The California Atoms are in last place with no hope of moving up. But by switching the mule from team mascot to team member, (He can kick 100 yard field goals!) they start winning, and move... See full summary »
Vernon Praiseworthy is a clumsy but lovable dope who stands to inherit his uncle's fortune. The condition is that he travel the rails as a penniless hobo just as his uncle did in the dark ... See full summary »
This saga of the old west involves twin brothers who compete for possession of a rickety cow town founded by their father while a crooked mayor tries to put an end to the competitors so he can inherit the town himself.
Two would-be safe-crackers 'sort of' kidnap the two grandchildren of millionaire J. W. Osborne. In a story somewhat reminiscent of O. Henry's The Ransom of Red Chief, the ransom amount ... See full summary »
Some college students manage to persuade the town's big businessman, A. J. Arno, to donate a computer to their college. When the problem- student, Dexter Riley, tries to fix the computer, ... See full summary »
In this Disney comedy, a down on his luck coach travels to Africa where he spots the world's greatest athlete - a white Tarzan-type. The coach brings him back to the U.S. of A. to compete. Written by
The World's Greatest Athlete was an amusing enough Disney comedy from the '70s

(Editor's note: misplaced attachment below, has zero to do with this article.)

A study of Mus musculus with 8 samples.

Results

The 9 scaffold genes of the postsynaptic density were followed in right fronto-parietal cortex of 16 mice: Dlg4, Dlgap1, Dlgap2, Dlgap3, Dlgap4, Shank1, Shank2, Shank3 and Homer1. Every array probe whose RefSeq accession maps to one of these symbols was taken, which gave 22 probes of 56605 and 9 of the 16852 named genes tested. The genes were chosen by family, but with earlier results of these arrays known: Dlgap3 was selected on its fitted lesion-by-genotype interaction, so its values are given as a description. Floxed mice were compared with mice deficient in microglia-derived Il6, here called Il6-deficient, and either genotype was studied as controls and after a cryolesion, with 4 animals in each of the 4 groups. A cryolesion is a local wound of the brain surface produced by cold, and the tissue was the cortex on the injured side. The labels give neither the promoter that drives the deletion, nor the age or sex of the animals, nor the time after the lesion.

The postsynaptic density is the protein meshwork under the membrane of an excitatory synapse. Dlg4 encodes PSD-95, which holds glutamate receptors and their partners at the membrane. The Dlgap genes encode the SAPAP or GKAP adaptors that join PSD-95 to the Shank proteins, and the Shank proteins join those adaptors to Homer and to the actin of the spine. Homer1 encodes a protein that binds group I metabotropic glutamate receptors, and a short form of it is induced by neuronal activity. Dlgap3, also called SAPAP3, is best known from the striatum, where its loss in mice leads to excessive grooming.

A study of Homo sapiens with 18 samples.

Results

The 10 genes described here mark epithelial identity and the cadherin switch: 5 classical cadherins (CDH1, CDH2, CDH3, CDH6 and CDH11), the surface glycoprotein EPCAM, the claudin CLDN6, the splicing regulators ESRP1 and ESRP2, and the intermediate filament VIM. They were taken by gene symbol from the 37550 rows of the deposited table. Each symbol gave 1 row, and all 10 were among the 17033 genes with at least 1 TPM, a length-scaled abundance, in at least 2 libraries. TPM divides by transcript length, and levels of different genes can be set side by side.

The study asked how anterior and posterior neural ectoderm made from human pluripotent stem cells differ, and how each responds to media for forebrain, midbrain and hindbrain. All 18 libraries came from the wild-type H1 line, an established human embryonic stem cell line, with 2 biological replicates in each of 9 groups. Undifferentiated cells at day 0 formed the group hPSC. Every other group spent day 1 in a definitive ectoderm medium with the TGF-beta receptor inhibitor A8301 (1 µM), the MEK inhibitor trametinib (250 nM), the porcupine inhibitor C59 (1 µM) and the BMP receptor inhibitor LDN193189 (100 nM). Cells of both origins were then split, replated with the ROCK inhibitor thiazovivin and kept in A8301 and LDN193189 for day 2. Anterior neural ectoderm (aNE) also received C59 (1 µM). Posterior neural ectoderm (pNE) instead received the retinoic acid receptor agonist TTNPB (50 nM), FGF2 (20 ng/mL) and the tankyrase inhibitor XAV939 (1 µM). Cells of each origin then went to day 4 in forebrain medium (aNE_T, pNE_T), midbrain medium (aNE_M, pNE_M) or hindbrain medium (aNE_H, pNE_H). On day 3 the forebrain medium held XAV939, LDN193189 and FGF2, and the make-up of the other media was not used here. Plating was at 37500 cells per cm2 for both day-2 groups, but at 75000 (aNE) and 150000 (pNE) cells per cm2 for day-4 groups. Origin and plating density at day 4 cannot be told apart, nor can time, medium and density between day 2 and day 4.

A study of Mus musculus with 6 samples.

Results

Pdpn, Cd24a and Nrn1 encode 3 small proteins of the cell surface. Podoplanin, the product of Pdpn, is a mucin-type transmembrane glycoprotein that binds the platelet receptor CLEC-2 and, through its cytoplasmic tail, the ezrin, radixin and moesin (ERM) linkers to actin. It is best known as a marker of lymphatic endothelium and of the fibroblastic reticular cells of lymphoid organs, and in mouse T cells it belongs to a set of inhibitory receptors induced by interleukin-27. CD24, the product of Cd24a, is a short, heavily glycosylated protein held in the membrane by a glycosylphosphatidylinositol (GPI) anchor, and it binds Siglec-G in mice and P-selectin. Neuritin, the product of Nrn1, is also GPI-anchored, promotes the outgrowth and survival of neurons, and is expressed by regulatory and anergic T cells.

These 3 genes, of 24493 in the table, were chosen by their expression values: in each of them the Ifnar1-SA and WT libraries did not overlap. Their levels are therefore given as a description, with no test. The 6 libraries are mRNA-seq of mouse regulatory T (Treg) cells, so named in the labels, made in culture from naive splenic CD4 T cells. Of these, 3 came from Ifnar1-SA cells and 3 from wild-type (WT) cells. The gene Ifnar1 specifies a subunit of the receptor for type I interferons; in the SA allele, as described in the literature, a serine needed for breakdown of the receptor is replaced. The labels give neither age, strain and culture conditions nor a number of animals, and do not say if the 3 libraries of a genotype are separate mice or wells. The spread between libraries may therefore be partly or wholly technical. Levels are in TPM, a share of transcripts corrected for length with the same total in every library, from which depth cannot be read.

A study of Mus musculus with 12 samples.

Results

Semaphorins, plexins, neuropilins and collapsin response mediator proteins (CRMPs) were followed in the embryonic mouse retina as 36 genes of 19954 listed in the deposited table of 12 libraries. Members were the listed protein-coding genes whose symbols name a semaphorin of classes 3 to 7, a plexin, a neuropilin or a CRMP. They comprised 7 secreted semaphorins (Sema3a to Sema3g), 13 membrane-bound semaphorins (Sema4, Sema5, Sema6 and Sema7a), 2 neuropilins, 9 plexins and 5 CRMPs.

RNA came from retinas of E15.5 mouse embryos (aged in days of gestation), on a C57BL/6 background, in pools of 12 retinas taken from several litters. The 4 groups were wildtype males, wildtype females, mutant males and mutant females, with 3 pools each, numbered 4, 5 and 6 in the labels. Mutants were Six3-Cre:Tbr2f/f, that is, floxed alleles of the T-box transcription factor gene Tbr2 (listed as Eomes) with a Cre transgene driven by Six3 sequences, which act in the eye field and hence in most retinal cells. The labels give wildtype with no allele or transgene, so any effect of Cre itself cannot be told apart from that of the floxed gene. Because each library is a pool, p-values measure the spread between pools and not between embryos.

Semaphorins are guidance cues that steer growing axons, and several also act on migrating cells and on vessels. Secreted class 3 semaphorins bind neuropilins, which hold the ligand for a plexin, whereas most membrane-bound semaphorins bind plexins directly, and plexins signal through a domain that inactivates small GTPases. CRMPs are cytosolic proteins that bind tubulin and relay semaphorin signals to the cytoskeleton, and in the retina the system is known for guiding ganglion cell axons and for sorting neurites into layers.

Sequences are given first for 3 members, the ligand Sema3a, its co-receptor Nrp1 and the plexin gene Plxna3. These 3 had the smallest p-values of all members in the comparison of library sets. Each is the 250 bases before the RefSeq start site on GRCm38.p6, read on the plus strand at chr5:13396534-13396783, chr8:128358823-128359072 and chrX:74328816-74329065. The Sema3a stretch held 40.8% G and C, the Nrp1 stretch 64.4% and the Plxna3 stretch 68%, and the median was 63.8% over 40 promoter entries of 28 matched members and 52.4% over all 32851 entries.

After a few decades of knowing about this '70s Disney comedy, I finally took my borrowed DVD and watched The World's Greatest Athlete. In this one, Coach John Amos and his assistant Tim Conway have been on the losing end of various sports endeavors for so long that dean Billy De Wolfe (in a too-brief role)-who's accompanied by his son Danny Goldman-remind them of just one more year on their contract. Amos tears it up and goes to Africa with Conway to get away from it all. There they find Jan-Michael Vincent who outruns a tiger. The only way they can get him, though, is if he saves one of them...I'll stop there and just say that this is one of those silly family comedies that was the House of Mickey's bread-and-butter during the decade that the other major studios were making big box office and winning Oscars with more mature fare. With the Tarzan-inspired story and many well-established special effects, there are quite a few chuckles here-and even a big laugh concerning a wheelchair-bound old man who can "suddenly" walk-that I admit to doing while watching. And it's fun seeing Conway either putting his head where it sometimes doesn't belong or getting moved by a voodoo doll once owned by a witch doctor played by Roscoe Lee Browne. But the stuff involving Nancy Walker as a near-sighted landlady and Goldman as the dean's interloping son I could do without. And stunning Dayle Haddon as Vincent's girlfriend (called Jane, of course) is just window dressing. Still, this is harmless fare that should provide enough enjoyable distraction for 90 minutes especially as you watch such real-life announcers like Frank Gifford and Howard Cosell join in on the fun. P.S. I just found out, via the IMDb site, that Mr. Goldman was the voice of Brainy Smurf on the "Smurfs" TV cartoon show.